The date was July 1st, 2009… Facebook at the time was still months away from acquiring its 300 millionth user and Twitter had just recorded 44.5 million unique visits worldwide during the previous month.
Facebook now has more than 500 million users and Twitter is currently attracting 190 million visitors per month and generating over 65 million tweets daily.
The Bing team made a blog post announcing that they were going to start showing tweets (twitter messages) of “some of the more prominent and prolific Twitterers from a variety of spheres” alongside Bing’s search results. The post named Danny Sullivan, Kara Swisher, Al Gore, and Ryan Seacrest as examples of those “prolific Twitterers”.
The following things have been identified that the search giants are looking at in determining a page’s ranking:
- Diversity of Sources – having 50 tweets of a link from one account is not nearly as valuable as 50 tweets from 50 unique accounts.
- Timing – links that are shared shortly after an RSS feed first publishes a story may be indicative of Query Deserves Freshness (QDF), but tweets/shares of older pieces could be seen as more indicative of lasting value and interest (rather than just sharing what’s new).
- Surrounding Content – the message(s) accompanying the link may give the engines substantive information about their potential relevance and topic; it could also take the place of anchor texts, particularly on Twitter.
- Engagement Level – the quantity of clicks, retweets, likes, etc. could impact how much weight is given to the link.
As for the possible factors for determining Author/Social Authority:
- Quantity of Friends/Followers – Like links, according to Sullivan, it’s likely the case that having more friends/followers is better. However, he warns that low quality bots and inauthentic accounts are likely to be filtered. And Sullivan thinks that due to the challenges that bots and inauthentic accounts will be facing in acquiring followers/friends, the search engines will probably have an easier time spotting them than they do in weeding out spammy links.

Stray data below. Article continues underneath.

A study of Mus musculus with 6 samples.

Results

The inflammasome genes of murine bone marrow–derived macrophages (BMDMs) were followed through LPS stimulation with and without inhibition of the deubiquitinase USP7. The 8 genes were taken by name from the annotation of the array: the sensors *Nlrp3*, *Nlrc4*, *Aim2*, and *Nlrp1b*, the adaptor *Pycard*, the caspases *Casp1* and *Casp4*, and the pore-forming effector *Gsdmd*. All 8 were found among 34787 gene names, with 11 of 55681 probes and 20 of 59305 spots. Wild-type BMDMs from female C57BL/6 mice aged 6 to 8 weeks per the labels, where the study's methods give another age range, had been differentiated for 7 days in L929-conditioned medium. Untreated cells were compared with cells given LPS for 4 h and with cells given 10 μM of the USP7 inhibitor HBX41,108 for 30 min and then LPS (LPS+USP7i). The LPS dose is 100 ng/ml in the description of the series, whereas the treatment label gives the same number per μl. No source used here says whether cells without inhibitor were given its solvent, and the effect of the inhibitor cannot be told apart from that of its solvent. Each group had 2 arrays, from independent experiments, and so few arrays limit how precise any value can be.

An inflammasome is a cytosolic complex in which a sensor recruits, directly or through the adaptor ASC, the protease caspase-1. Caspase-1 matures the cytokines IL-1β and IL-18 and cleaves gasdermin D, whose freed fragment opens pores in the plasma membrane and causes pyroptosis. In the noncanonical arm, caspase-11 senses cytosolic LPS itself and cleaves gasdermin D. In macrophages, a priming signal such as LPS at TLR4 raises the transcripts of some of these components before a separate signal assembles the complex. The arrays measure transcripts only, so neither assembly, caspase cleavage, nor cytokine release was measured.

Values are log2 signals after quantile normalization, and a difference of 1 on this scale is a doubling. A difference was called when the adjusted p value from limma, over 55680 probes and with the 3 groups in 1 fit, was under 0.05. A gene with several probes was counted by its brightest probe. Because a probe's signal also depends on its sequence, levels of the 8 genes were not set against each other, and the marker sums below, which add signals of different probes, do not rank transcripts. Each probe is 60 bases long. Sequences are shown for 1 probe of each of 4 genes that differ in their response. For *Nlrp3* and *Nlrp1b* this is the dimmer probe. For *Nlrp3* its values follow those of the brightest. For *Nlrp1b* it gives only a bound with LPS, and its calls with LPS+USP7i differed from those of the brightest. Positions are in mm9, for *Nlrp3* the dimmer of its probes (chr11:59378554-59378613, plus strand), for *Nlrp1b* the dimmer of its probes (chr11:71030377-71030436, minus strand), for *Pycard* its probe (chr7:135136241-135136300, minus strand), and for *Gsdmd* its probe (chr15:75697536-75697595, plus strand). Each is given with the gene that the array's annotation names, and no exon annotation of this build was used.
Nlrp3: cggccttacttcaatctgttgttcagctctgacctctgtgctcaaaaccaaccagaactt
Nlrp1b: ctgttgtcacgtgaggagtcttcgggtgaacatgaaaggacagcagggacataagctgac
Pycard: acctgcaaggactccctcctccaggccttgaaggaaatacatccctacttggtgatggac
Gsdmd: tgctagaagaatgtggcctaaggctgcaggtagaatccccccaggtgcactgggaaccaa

- Importance of Friends/Followers – Again, just like links. If you are hounded by high "authority" followers, it can send a very good signal about yourself.
- Analysis of Friends/Followers Ratios – Much like the engines’ analysis of the editorial nature of links, consideration of whether a social user is engaging in following/follower behavior purely out of reciprocity versus true interest and engagement may be part of authority scoring. For example, if you have 100,000 followers and you follow 99,000 of them, and the engagement between you and your followers is slim, you’re likely not going to be recognized as authoritative as the owner of an account with 1,000 followers who are constantly engaged, retweeting, liking, sharing, etc.
- Topic Focus (Theme) / Relevance – The consistency or patterns between a person’s sharing behaviors could also be a consideration (using topic analysis and patterns in the sources of shared/tweeted links, etc.). Being an "authority" could even be subject-specific. For example, if a prominent SEO tweets links to celebrity news, it will have less of an impact as compared to when that person tweets links to a web marketing resource.
- Association Bias – Google and Bing probably has the ability to associate social authors with the sites/domains they’re part of and those that they’re independent from (Google Profiles comes to mind here).